Sharing the Experience

Last summer, MU professor Rangira Béa Gallimore took eight students on a trip to her native Rwanda to teach them about the 1994 genocide. Here, she discusses the impact the program had on her students.

Timeline

1918 Rwanda-Urundi, a former German colony, is given to Belgium under the Treaty of Versaille.

1926 Ethnic identity cards are introduced in order to distinguish between Hutus and Tutsis.

1960 Belgian colonial rulers organize municipal elections. Hutus win.

1961 to 1962 Rwanda becomes an independent country.

Mid-1960s Half the Tutsi population is estimated to be living outside the country.

1967 Tutsis massacre begins.

1973 Tutsis are no longer allowed at universities and are restricted to 9 percent of paying jobs.

1975 The National Revolutionary Movement for Development (MRND) is formed.

1986 Rwandan exiles form the Rwandan Patriotic Front (RPF).

1989 Coffee prices collapse, creating a sever economic downturn in Rwanda.

1990 to 1991 The army begins to train civilian militias. The MRND stalls on creating a multi-party system. Tutsis are killed in many massacres. Opposition is persecuted.

February 1993 RPF renews fighting around Kigali, lasting for several months.

August 1993 The MRND and the RPF sign a peace accord, creating a coalition Hutu-RPF government. About 2,500 U.N. troops are deployed to oversee the return of the refugees.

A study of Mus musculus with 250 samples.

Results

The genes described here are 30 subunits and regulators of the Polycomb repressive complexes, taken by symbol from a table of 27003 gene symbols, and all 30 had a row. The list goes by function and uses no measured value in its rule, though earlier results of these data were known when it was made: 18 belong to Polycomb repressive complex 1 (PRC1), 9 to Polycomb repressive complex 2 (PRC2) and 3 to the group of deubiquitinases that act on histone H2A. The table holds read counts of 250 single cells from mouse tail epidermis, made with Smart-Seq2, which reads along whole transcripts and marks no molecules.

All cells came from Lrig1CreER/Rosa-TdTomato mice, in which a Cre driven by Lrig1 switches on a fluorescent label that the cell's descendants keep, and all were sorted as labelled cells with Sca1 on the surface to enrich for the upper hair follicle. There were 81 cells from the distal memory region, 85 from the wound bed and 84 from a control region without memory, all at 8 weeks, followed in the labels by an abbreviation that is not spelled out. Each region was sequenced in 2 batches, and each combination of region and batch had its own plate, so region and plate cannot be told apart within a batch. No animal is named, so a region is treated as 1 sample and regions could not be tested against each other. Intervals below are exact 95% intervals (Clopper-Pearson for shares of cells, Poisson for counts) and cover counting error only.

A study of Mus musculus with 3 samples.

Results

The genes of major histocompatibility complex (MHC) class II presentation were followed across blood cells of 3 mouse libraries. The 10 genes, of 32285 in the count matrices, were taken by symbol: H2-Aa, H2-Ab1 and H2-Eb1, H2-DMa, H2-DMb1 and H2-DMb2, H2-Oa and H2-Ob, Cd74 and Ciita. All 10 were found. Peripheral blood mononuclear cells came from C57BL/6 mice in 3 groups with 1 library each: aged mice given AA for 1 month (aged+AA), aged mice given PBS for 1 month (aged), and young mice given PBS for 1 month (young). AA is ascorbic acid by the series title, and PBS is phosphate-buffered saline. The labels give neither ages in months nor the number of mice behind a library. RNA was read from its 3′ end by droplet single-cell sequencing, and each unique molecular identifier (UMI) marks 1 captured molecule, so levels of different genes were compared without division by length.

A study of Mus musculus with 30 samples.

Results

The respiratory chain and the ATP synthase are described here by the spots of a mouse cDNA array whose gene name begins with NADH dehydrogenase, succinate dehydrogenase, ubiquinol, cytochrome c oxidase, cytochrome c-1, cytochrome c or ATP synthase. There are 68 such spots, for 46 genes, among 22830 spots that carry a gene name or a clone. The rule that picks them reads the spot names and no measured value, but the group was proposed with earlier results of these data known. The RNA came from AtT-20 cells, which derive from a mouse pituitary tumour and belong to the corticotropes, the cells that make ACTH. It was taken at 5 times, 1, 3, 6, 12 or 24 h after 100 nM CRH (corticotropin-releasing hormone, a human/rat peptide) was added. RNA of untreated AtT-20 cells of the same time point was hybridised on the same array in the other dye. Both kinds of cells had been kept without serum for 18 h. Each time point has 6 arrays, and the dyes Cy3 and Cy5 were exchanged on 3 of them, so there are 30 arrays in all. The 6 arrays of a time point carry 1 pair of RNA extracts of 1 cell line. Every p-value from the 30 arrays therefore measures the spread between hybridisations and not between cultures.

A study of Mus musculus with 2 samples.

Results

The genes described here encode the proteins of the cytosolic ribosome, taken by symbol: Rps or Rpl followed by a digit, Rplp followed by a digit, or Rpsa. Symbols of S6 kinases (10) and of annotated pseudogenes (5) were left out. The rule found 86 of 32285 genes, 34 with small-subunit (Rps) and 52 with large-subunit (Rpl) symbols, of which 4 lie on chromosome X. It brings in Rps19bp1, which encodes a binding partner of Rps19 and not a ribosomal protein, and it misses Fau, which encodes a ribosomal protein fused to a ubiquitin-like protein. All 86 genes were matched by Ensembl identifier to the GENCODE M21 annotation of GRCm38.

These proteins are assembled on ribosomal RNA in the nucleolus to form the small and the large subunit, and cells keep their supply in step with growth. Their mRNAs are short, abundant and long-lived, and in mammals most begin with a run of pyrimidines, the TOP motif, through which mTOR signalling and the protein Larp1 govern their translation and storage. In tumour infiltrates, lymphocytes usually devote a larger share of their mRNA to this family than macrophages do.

September 1993 to March 1994 Militia training intensifies. MRND stalls on creating government. Extremist radio stations broadcast please to attack Tutsis.

April 6-7, 1994 The Rwandan and Burundi presidents are killed after their plane is shot down. The Rwandan army and militias start killing Tutsis and moderate Hutus. U.N. forces stand by because intervening would break their mandate.

April 21, 1994 The U.N. reduces forces to 250 after the killing of 10 soldiers.

April 30, 1994 The U.N. Security Council condemns the killings but omits the word "genocide," releasing it from the obligation to protect civilians.

May 17, 1994 The U.N. agrees to send more troops with power to protect civilians and begins to use the word "genocide."

Mid-May 1994 The International Red Cross estimates that 500,000 Rwandans have been killed

Nov. 1994 A U.N. tribunal is created.

Jan. 10, 1997 The first trial comes before the tribunal.